Oasis Core


  • 2020-08-06: Added consequence for state checkpoints
  • 2020-07-28: Initial version




Currently the Tendermint ABCI application hash is equal to the consensus state root for a specific height. In order to allow additional uses, like proving to light clients that specific events have been emitted in a block, we should make the application hash be derivable from potentially different kinds of roots.


The proposed design is to derive the Tendermint ABCI application hash by hashing all the different roots as follows:

AppHash := H(Context || Root_0 || ... || Root_n)


  • H is the SHA-512/256 hash function.
  • Context is the string oasis-core/tendermint: roots.
  • Root_i is the fixed-size SHA-512/256 root hash of the specified root.

Currently, the only root would be the existing consensus state root at index 0.

To implement this change the following modifications would be required:

  • Update the ABCI multiplexer’s Commit method to calculate and return the application hash using the scheme specified above.
  • Update the consensus API SignedHeader response to include the UntrustedStateRoot (the untrusted prefix denotes that the user must verify that the state root corresponds to AppHash provided in the signed header in Meta).When new roots will be added in the future, both Block and SignedHeader will need to include them all.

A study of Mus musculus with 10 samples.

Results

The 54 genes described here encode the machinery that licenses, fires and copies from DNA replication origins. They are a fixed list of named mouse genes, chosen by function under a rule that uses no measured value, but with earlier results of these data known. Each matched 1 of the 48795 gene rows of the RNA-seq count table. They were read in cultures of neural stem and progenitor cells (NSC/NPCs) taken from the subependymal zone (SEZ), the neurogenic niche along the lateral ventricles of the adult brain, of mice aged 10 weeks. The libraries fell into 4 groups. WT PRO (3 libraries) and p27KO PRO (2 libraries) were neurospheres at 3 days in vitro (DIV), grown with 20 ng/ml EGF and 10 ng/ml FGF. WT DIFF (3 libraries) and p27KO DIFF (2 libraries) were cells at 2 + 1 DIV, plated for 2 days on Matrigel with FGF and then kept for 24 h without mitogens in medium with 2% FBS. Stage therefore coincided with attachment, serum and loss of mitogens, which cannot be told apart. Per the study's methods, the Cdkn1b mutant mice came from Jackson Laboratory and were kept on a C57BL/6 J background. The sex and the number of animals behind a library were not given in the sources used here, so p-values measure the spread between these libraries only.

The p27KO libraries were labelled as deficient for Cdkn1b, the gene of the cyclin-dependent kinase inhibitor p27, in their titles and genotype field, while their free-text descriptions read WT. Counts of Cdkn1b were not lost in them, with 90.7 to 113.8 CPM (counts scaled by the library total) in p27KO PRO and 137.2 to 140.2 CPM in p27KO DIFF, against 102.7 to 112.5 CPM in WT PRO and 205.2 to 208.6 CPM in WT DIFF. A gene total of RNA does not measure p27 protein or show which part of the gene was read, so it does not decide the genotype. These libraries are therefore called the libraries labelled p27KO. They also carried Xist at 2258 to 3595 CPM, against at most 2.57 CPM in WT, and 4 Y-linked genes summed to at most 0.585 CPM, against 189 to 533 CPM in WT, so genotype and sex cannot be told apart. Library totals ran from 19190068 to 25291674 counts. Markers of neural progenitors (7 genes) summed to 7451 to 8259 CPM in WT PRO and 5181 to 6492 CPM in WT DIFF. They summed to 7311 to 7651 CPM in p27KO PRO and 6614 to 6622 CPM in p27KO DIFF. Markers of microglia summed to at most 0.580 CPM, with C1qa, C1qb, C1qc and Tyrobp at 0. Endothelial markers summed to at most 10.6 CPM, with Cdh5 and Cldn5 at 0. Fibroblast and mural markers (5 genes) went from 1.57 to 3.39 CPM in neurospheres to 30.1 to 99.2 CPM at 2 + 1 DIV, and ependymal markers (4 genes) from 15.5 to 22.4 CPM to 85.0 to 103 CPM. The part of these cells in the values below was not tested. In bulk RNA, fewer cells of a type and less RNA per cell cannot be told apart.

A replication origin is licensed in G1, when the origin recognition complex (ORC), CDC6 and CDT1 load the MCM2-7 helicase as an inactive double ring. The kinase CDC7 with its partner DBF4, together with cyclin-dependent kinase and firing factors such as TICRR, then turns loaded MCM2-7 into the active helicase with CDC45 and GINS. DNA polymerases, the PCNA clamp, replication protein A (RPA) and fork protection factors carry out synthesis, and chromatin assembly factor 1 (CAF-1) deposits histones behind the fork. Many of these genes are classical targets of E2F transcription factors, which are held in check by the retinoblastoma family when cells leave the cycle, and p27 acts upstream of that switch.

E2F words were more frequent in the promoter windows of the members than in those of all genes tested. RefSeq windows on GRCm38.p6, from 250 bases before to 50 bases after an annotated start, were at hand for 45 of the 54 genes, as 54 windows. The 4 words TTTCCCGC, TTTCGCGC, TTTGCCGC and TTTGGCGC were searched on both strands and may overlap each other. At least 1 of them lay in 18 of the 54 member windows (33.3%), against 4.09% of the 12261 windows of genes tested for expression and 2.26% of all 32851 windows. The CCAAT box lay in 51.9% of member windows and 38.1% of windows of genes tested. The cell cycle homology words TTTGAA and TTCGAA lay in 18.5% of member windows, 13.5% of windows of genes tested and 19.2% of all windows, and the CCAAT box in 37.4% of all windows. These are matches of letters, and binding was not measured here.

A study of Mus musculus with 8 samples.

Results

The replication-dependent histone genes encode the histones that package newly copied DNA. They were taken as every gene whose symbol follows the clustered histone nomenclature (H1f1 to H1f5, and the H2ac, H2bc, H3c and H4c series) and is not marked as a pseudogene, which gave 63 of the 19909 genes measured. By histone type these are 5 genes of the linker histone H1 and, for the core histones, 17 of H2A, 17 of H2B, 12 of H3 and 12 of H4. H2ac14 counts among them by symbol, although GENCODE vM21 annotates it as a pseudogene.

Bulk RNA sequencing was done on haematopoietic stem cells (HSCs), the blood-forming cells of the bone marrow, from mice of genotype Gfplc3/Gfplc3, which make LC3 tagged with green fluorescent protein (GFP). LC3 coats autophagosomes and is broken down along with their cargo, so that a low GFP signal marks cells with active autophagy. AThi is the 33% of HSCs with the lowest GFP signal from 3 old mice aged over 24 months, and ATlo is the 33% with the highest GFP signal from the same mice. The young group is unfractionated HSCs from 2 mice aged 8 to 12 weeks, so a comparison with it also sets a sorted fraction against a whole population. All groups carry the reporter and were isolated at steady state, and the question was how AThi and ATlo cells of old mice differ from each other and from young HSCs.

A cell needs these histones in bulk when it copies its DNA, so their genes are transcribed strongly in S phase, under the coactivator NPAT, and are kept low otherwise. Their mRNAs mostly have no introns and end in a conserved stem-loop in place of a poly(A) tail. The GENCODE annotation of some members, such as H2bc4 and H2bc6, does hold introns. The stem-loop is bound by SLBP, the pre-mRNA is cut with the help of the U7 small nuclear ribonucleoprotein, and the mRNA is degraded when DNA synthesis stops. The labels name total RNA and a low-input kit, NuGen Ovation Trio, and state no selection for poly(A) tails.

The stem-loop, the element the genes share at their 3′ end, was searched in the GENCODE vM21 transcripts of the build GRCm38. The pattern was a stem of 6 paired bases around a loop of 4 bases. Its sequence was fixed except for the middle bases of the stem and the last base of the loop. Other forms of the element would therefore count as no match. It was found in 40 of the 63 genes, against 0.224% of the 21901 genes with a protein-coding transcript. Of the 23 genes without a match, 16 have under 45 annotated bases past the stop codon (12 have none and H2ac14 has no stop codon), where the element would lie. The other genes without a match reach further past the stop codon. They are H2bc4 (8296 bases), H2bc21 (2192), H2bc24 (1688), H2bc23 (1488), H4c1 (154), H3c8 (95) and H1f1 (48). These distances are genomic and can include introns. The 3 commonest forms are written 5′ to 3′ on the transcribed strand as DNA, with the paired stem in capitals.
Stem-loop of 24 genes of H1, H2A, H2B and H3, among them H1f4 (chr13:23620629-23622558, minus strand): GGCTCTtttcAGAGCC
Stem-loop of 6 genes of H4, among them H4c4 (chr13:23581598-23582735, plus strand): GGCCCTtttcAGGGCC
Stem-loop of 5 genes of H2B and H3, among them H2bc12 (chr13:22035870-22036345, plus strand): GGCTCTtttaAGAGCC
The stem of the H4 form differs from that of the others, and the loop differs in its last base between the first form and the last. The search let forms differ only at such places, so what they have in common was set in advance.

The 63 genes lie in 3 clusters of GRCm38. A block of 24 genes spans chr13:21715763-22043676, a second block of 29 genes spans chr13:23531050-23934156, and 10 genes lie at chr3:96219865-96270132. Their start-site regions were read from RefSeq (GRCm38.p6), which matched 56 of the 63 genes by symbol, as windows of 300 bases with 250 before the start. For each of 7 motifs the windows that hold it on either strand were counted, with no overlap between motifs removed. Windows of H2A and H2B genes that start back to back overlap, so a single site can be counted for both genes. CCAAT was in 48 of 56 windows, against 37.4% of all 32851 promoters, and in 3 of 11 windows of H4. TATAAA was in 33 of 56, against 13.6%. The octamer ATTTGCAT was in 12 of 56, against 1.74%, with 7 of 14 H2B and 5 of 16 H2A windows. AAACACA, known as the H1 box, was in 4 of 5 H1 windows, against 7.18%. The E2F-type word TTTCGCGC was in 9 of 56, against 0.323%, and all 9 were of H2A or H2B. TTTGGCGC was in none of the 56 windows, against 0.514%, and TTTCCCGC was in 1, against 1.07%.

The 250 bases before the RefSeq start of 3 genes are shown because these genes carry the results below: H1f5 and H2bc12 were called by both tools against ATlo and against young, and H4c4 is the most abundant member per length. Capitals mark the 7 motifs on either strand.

The proposed design is simple and assumes that the number of additional roots is small and thus can always be included in signed headers. An alternative scheme would be to Merkelize the roots in a binary Merkle tree (like the one used for our MKVS), but this would add complexity and likely require more round trips for common use cases.



  • This would open the path to including different kinds of provable data (e.g., in addition to state) as part of any consensus-layer block.


  • As this changes the application hash, this would be a breaking change for the consensus layer.
  • Since we are simply hashing all the roots together, all of them need to be included in the signed headers returned to light clients.


  • Consensus state checkpoints will need to contain data for multiple roots.